Welcome back to the most remarkable period ever (well, in my opinion): the ’80s. V/H/S/85 serves as the sixth instalment in the popular V/H/S series, where viewers are introduced to various segments (or short films), all played directly from a mysterious videotape. Unlike the previous entries, there is no real story surrounding the tape’s discovery, nor do we know who’s watching. But one thing is for sure: viewers should strap in when V/H/S/85 begins to play, as anything can happen.
Here we follow five new segments (or short films): “Total Copy,” directed by David Bruckner; “Dreamkill,” directed by Scott Derrickson; “TKNOGD,” directed by Natasha Kermani; “No Wake,” directed by Mike P. Nelson; and lastly, “God of Death,” directed by Gigi Saul Guerrero. Each short film is highly different, offering a mixture of genres, from classic slashers and murder mysteries to sci-fi aspects.
Like the previous V/H/S instalments, viewers will be treated to many retro vibes. Not only do we have the concept of watching a VHS tape with various commercials and static appearing throughout, but the 1980s period within all the segments is fun, especially aspects such as the costume designs, hairstyles, technology and more.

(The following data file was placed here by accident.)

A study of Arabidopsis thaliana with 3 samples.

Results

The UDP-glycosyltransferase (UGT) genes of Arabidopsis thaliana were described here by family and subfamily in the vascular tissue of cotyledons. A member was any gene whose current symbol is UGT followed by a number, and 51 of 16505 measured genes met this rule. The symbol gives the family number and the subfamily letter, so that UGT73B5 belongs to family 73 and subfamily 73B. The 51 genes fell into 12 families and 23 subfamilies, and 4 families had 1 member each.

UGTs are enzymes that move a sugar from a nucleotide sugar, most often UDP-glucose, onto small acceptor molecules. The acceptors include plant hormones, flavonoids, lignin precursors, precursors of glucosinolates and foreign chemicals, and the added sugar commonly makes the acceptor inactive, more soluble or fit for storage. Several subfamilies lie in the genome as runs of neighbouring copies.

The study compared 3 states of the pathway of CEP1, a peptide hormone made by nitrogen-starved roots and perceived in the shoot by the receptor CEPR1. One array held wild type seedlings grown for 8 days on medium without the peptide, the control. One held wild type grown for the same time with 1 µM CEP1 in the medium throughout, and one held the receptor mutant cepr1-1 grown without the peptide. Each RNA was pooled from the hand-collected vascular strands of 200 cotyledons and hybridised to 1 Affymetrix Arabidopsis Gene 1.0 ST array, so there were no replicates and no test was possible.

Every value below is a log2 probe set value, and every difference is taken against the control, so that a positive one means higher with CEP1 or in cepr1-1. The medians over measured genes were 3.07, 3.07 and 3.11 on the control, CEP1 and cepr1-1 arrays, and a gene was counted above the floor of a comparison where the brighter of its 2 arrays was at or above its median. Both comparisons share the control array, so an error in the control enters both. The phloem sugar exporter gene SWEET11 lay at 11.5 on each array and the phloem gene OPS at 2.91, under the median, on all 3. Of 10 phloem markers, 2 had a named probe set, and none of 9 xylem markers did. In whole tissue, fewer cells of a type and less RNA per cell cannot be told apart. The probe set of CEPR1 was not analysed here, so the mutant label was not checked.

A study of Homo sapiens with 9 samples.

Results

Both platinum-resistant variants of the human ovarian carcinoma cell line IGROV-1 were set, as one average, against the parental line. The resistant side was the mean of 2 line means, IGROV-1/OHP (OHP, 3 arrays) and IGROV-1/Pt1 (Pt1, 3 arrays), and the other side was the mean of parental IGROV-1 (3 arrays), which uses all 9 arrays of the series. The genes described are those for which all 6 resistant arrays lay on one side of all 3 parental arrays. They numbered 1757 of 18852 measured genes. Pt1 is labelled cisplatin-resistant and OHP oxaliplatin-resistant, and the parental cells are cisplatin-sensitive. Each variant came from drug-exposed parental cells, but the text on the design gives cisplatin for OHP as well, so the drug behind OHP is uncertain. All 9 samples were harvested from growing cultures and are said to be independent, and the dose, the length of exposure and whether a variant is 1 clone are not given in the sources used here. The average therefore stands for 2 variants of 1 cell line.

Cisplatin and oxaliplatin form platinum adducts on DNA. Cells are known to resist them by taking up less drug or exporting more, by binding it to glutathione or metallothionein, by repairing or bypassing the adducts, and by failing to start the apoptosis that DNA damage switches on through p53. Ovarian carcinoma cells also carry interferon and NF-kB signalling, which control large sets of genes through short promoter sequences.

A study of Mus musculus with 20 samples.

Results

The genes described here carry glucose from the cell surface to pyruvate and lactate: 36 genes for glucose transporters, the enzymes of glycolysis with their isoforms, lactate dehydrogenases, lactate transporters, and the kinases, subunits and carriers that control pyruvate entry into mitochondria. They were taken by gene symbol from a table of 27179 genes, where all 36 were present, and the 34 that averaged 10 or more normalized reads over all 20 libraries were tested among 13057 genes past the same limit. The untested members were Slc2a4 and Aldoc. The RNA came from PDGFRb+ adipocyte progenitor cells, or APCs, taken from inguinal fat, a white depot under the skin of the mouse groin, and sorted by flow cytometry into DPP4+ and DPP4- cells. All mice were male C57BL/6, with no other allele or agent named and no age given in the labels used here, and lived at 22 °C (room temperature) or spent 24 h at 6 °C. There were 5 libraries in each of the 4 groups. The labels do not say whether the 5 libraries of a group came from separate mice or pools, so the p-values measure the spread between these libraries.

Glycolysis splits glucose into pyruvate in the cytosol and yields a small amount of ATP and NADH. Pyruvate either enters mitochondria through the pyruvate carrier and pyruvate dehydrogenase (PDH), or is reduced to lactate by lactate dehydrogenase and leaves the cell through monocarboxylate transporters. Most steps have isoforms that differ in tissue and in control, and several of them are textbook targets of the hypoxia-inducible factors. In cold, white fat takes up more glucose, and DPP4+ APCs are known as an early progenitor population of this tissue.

As for the five stories, I’m generally divided on this one. I found some stories clever, creative, and exciting, but sadly, just as I became invested and curious, the story would abruptly end, forcing me to move on. Other segments were either slow, drawn out or overstayed their welcome. At various times, I found that some directors were more interested in creating an atmosphere with a slower pace and bizarre imagery rather than offering viewers a profound, more compelling and exciting story.
Overall, those who adore this series will know what they’re up against. Once again, this series successfully offers horror lovers new stories, all different and unique, thanks to the various talents behind the camera, including Director Scott Derrickson (best known for his recent work on The Black Phone). As for the segments, it’s a mixed bag for me. I found joy in some of the ideas and stories, but sometimes, I found the runtime dragging or stories overstaying their welcome. The retro aspects, including the concept that viewers are watching a VHS tape from the 1980s, are once again a fun (and highly random) experience.
V/H/S/85 (2023) is Now Available Exclusively on Shudder.